Drones are an increasing part of the world of innovation and investment. Drones offer huge potential for the private and public sectors, and can greatly benefit societies, from lowering pollution in transport to emergency medical assistance and precision agriculture. In 2015, the European Commission launched the Aviation Strategy for Europe to boost this part of the economy. In the next 20 years, the Commission envisages this sector creating 150 000 to 200 000 jobs.

In 2019, the European Commission and the European Investment Bank launched the European Drone Investment  Advisory Platform. This platform will make it easier to get European Union support and build awareness of the instruments and funding available.

It’s great to be part of this innovative project that brings together the Bank’s long-standing expertise in urban transport and the use of cutting-edge technologies.

  • Ozhan Yilmaz, smart transport specialist, EIB

Following the launch of the platform, the Commission’s Directorate-General for Mobility and Transport approached the Advisory Hub for assistance. The Hub undertook a study to assess the potential and investment needs of the industry across Member States.

With the support of experts brought together by the Hub, the study will highlight the potential size of the market and help a number of cities develop business cases that could be replicated in other cities and regions. The review will identify parts of the market that don’t have enough financing and measure the benefits of drone operations. 

It will also gauge how the public feels about drones and recommend how social or economic benefits can be assured through growth in the drone segment.

The Advisory Hub is also providing tailor-made advisory support to European cities that want to develop individual drone projects, such as the examples below.

Drones to the rescue

In Trikala, Greece, many elderly people live in isolated situations and cannot easily get medicine or medical supplies. The COVID-19 pandemic has aggravated this situation and has increased the need for an easy way to deliver medical supplies remotely to isolated and vulnerable parts of society. The city has decided to develop a drone operation to deliver these supplies to peoples’ doorsteps, integrating drones into the transport network. Trikala will be a testbed for drone use in south-eastern Europe.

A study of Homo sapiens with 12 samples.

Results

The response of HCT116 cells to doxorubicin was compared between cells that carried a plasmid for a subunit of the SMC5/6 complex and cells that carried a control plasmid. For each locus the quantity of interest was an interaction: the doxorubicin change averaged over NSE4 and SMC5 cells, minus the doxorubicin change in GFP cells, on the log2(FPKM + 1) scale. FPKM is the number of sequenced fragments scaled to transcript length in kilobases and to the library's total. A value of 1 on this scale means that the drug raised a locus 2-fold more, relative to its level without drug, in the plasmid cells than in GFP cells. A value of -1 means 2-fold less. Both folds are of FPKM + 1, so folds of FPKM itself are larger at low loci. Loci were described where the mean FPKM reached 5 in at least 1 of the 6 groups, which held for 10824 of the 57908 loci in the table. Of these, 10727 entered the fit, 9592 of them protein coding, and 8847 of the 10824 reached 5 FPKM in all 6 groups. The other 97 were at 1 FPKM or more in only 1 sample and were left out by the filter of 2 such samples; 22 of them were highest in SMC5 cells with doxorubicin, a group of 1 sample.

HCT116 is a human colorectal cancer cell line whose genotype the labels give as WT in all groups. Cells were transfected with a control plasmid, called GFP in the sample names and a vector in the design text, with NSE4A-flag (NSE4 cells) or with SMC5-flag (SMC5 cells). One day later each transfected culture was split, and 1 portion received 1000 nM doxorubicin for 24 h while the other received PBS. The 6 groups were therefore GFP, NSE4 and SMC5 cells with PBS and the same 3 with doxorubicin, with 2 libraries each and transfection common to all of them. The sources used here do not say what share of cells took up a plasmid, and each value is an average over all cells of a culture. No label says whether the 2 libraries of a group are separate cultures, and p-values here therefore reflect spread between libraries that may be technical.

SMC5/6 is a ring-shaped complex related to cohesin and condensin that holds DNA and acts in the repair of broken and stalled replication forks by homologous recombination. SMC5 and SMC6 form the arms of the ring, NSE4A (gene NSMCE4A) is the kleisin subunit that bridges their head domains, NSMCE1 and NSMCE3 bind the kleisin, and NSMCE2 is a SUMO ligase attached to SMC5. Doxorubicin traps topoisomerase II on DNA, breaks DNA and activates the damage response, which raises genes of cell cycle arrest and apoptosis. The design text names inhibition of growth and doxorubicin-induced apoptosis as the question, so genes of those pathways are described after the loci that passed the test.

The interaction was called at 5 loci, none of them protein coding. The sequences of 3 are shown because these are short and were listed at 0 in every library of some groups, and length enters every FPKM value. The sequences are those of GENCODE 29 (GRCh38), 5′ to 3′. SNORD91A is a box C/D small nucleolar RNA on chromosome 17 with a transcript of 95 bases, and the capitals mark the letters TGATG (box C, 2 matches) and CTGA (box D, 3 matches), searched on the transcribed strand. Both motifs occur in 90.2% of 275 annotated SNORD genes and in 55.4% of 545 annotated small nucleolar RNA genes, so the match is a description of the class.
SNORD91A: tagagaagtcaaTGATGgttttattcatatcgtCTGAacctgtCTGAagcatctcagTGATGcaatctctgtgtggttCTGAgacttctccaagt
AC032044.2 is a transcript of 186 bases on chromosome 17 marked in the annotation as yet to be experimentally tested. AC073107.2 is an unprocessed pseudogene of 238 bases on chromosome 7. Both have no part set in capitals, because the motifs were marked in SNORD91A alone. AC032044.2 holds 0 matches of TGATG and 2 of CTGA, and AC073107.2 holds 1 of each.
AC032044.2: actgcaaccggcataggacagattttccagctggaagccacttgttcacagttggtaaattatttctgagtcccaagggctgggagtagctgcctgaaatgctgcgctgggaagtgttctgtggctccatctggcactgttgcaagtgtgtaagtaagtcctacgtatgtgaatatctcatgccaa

Part of a rapid emergency response

The city of Toulouse, France, is looking to use drones to respond quickly to health emergencies, such as carrying medical supplies and blood from one hospital to another. Drones would be a big benefit for first responders and ambulance drivers, but they also would ease traffic congestion and reduce emissions. The project would also develop a “U-space system” to ensure that drones can use airspace safely.


Our experts are also working with the European Commission’s Smart Cities Marketplace initiative, a wider network of cities interested in urban air mobility, to design a roadmap that will support the development of drone projects in Europe. This practical set of guidelines for the public and private sectors to introduce drone technologies will help increase investment in this field and have benefits for the environment and for cities’ economies.

Moreover, the roadmap will serve as a progress evaluation tool for promoters that are seeking financing for their projects, as they will be able to demonstrate the tangible steps and bankability of the project. The support of the Advisory Hub will be key to making sure that these ambitious and innovative projects find financing, and this will also significantly improve the quality of the services provided by cities. As drone technologies move further into the mainstream, the Advisory Hub is eager to further support this sector.